Last updated September 27, 2022
- 35% of all data breaches target financial institutions. These hacks can do more than steal money—they can also access huge amounts of customer data, including SINs and credit card information.
- The biggest cyber threats facing organizations in the financial sector include state sponsored attacks, employee errors (often via phishing or other social engineering scams), and supply chain attacks via third-party vendors.
- Financial organizations should work with an MSSP (managed security services provider) to review their cybersecurity posture, identify gaps, and create protocols that address them.
Having a strong cybersecurity posture is incredibly important for any industry, but the financial services sector needs to be particularly vigilant.
While many of us likely remember the CapitalOne hack of 2019, most cyberattacks in the financial sector aren’t covered by the media to the same extent. This means that many financial organizations still feel that they are unlikely to be targeted, even though, according to Forbes, 35% of all data breaches target financial institutions, making it the single most targeted industry.
Why Is Cybersecurity Important in the Financial Industry?
Cybercriminals target the financial industry because that is (quite literally) where the money is. Not only are financial institutions responsible for safeguarding their client’s money, but they also hold large quantities of customer personal data, including SINs, credit card numbers, and other highly sensitive information.
When a financial institution experiences a data breach or falls victim to a ransomware attack, they risk more than losing access to critical files or even experiencing financial loss, either by being robbed or by having to pay a ransom to unencrypt their files. Consumers trust their banks and other financial institutions to safeguard their money and their personal information, and when that trust is broken, it can be difficult to earn back.
Biggest Threats That The Financial Industry Face
Though the financial services industry faces many cybersecurity threats, the biggest threats most financial institutions face are:
State Sponsored Attacks
When most of us think of cybercriminals, we think of a lone wolf out to line their own pockets with other people’s money. While that is often the form cybercrime takes, state-sponsored attacks are also a serious threat. Some governments target not just foreign governments, but also foreign stock exchanges, foreign banks, and other economic pillars in an effort to destabilize the target country.
To acknowledge the devastating effect cyberattacks can have on countries, NATO declared cyberspace as the fifth domain of warfare in 2016. This recognized the critical role that IT plays in a country’s existence.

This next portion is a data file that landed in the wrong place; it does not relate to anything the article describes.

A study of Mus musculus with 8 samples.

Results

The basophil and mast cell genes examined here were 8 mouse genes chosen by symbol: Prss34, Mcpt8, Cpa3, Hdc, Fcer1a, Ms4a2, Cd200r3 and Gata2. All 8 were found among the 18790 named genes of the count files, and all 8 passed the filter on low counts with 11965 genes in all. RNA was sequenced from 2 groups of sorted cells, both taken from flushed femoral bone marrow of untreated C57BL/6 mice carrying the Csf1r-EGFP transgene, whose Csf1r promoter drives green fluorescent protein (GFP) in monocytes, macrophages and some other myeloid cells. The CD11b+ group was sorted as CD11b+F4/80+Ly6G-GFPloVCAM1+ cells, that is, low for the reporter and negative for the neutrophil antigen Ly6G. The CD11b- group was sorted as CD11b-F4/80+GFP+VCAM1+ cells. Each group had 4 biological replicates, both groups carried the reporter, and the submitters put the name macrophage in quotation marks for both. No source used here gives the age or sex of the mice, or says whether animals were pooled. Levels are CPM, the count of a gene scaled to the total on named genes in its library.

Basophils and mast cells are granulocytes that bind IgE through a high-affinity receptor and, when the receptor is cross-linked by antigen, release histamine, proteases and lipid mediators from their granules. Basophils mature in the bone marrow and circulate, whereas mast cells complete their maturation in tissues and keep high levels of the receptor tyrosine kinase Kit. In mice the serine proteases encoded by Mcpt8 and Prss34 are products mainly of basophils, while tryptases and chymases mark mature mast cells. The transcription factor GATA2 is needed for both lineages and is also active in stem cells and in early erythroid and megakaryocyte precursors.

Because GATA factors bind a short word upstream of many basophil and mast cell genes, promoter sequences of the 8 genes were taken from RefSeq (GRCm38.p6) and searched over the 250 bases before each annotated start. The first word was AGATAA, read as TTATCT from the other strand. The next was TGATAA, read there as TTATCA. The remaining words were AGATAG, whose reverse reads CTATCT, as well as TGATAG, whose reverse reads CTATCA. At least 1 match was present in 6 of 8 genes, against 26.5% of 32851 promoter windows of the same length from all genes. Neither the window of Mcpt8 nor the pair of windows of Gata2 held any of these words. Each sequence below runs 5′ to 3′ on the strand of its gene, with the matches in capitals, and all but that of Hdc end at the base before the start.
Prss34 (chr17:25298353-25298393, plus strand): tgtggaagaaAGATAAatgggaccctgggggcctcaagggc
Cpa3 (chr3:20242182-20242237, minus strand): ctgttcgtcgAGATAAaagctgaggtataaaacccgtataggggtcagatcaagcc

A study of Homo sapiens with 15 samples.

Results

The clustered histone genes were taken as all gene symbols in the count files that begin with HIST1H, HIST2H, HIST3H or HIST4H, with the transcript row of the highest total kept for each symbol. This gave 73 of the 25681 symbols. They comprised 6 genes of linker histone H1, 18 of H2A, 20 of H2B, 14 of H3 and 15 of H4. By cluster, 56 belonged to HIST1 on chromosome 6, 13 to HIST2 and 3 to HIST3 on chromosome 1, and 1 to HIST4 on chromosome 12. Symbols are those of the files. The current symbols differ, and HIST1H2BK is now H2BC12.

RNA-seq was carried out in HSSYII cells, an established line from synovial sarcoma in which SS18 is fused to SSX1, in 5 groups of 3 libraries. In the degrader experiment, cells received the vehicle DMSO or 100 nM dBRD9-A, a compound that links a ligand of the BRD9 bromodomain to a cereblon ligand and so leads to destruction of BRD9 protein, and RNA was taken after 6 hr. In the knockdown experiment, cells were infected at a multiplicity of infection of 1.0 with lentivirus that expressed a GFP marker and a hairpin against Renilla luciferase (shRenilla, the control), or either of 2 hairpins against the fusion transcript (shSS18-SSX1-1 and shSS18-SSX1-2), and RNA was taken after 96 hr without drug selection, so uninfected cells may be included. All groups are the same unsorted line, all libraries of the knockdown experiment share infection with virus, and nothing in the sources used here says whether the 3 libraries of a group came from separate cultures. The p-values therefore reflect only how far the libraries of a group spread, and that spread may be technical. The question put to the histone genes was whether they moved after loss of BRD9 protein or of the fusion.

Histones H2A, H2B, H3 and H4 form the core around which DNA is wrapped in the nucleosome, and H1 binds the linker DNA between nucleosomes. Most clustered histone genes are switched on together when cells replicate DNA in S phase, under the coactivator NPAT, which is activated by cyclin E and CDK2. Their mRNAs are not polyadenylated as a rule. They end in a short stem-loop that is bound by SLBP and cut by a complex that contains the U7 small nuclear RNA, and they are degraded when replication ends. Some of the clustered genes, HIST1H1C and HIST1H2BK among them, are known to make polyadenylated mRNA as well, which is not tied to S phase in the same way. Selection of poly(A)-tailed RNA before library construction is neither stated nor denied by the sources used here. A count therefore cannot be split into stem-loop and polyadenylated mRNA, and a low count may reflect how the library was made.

Though cybercriminals often employ sophisticated techniques to gain unauthorized access to organizations’ computer systems and data, too many attacks are ultimately caused by human error. Phishing and other social engineering attacks continue to trick employees into revealing sensitive information, essentially handing the keys to the digital vault over to criminals.
There are 3 main reasons employee errors occur:
- Employees haven’t been trained to effectively recognize and avoid cybersecurity attacks.
- Employees aren’t following cybersecurity protocols correctly.
- Employee devices aren’t configured correctly. This problem is more common in BYOD environments.
In rare cases, employees act maliciously and steal sensitive information themselves.
Third Party Vendors
Even if your organization has a robust cybersecurity posture, are all of your third party vendors as stringent as you are? Organizations that use third-party vendors are exposed to more vulnerabilities, increasing their chances of experiencing a breach. In 2014, retail giant Target had to pay an $18.5 million settlement after cybercriminals gained access to their network using valid credentials stolen from one of their third-party vendors.
Not only do third-party vendors increase the number of entry points into your network, but they have their own IT and cybersecurity platforms and configurations that are outside of your control, making it more difficult for you to secure your network.
What Can I Do to Improve My Organization’s Cybersecurity Posture?
There are quite a few things your organization can do to improve your cybersecurity posture. To begin with, you should work with your Managed Security Services Provider (MSSP) to take stock of your current protocols and identify gaps. Then, you should work with your MSSP to create tailored cybersecurity protocols to address your needs and safeguard your network.
For more information about basic steps your organization should be taking, please read our blog post Cyber Hygiene 101: Basic Steps to Keep Your Company Secure.